What to Do if Your Baby Is Spitting Up Blood

Most Likely Causes of Blood in Newborn Vomit or Spit-up

Close up of baby spitting saliva

If you see some red flecks or pink-tinged newborn spit-up or vomit, the source of the blood is most likely to be swallowed maternal blood.

The blood came from you, either by the baby swallowing blood during the birth process or from your breasts or nipples during breastfeeding.

Cracked, Sore Nipples

In most cases of breastfeeding babies, that blood is coming from you and not your baby. Consider if you are having issues with cracked or sore nipples. Quite likely, you are bleeding and it is mixing with your breastmilk. Here are some resources you can read to help you heal and decrease the blood in your baby's spit up. Learn how to stop breastfeeding pain and bleeding and how to avoid using bottles until breastfeeding is well-established.

Swallowed Blood During Delivery

If your baby spits up blood shortly after delivery, it may also have a simple, unalarming reason. Sometimes during delivery, the baby swallows maternal-fetal blood into his stomach. Be sure to notify the medical staff that it happened and continue to monitor your baby.

Forceful Spit Up Can Cause Bleeding

In some very rare instances, a forceful spit up or vomit can cause a small tear in a tiny blood vessel in your baby's esophagus. Again, no need to worry here. This will heal quickly. Keep breastfeeding, taking steps to help reduce spitting up.

When to Worry About Baby Spitting Up

If these don't seem to explain the blood in your baby's spit up and it continues to persist, then it is definitely time to call the pediatrician.

You may be able to request to talk to an office nurse, detail your baby's symptoms and any related behavior (for example is your baby experiencing colic, constipation, distended stomach, fever, etc.) A doctor may be able to explain the best course of action for you and your baby.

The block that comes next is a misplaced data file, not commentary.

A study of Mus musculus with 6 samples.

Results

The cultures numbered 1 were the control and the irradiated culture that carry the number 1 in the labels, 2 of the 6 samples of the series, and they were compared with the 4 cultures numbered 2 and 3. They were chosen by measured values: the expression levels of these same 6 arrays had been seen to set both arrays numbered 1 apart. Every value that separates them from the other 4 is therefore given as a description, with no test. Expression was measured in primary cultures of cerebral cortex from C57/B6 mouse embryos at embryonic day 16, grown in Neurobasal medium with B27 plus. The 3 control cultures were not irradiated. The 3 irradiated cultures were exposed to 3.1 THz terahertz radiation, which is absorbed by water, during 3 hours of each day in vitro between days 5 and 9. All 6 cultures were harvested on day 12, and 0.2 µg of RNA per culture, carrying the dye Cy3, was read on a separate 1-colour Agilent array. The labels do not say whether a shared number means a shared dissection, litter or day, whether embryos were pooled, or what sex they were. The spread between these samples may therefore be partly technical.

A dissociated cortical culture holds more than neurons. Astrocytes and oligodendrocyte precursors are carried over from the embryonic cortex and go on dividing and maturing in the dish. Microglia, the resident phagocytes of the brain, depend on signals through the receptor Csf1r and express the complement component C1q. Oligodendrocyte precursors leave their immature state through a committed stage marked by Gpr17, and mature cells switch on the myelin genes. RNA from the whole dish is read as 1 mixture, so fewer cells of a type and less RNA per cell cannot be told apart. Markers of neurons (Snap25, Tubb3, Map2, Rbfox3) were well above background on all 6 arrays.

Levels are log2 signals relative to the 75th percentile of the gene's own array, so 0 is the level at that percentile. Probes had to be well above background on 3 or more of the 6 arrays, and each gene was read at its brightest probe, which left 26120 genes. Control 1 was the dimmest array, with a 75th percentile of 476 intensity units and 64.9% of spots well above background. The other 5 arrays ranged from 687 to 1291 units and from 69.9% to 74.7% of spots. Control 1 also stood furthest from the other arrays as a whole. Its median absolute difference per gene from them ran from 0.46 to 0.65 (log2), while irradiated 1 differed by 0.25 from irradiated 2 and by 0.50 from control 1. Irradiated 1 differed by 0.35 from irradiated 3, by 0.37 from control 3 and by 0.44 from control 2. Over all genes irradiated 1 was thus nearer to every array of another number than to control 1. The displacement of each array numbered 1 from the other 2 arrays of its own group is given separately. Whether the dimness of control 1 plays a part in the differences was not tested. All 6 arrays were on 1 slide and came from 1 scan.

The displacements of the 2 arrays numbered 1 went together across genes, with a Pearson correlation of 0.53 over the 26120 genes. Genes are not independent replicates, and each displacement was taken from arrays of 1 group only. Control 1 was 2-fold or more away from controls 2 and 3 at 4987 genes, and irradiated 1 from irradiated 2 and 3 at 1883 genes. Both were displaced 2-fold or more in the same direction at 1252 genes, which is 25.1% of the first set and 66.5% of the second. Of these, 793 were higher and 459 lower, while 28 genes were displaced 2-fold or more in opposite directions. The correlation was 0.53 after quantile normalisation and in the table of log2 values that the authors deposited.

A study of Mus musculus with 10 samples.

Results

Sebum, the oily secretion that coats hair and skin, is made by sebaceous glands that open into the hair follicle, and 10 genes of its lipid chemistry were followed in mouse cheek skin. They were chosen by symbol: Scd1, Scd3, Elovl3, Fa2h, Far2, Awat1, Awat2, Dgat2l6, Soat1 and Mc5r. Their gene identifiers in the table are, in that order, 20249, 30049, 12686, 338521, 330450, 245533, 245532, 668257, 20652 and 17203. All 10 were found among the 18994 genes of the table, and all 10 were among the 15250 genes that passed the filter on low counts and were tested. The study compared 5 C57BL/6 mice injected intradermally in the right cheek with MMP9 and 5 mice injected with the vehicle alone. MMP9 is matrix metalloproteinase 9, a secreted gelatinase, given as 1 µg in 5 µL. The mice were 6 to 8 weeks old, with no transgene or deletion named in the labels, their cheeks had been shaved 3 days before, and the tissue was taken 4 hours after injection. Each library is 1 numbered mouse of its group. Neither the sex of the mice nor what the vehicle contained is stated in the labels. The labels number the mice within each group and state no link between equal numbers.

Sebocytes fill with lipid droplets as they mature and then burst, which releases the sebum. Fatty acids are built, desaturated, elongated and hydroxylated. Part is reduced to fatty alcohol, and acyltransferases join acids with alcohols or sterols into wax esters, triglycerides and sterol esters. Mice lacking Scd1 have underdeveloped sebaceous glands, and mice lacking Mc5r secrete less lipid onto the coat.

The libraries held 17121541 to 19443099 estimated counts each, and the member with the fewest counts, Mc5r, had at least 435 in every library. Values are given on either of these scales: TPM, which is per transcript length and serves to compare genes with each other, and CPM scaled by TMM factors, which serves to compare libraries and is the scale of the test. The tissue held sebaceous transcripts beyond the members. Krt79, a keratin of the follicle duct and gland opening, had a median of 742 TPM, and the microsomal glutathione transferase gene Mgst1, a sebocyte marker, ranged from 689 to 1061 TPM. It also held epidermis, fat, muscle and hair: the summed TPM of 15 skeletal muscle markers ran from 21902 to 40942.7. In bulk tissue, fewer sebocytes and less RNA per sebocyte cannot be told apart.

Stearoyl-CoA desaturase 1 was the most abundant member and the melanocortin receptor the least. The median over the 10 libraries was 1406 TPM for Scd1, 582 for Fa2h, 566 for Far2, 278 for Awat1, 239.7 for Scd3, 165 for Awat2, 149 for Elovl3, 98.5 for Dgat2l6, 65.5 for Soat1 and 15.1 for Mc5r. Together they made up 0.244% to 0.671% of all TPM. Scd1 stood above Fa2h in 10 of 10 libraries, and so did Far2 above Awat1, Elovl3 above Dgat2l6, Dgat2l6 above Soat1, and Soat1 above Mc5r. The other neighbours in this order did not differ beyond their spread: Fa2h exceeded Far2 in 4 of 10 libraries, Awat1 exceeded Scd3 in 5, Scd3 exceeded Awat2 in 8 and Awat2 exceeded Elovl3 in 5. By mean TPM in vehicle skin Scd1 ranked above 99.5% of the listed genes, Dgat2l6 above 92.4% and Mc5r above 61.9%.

Pursue prompt medical attention should your baby have symptoms of abdominal distention, green vomiting, lethargy, or fever.

Less Likely Reasons for Blood in Baby Spit Up

If you had a home delivery and your baby didn't get a vitamin K injection, he may have a clotting disorder. If your baby had a nasogastric tube or other procedures, there may be trauma or irritation that is continuing to leak blood. Other irritations of the nose, throat, esophagus, and stomach might be the source. Give your doctor an accurate history of when you saw the blood and any other factors so she will know what further tests to perform.

Sources:

Boyle JT. Gastrointestinal bleeding in infants and children. Pediatrics in Review. 2008;29(2):39–52. doi:10.1542/pir.29-2-39.

Mayo Clinic Staff. Vomiting blood causes. Mayoclinic. September 2014. http://www.mayoclinic.org/symptoms/vomiting-blood/basics/causes/sym-20050732.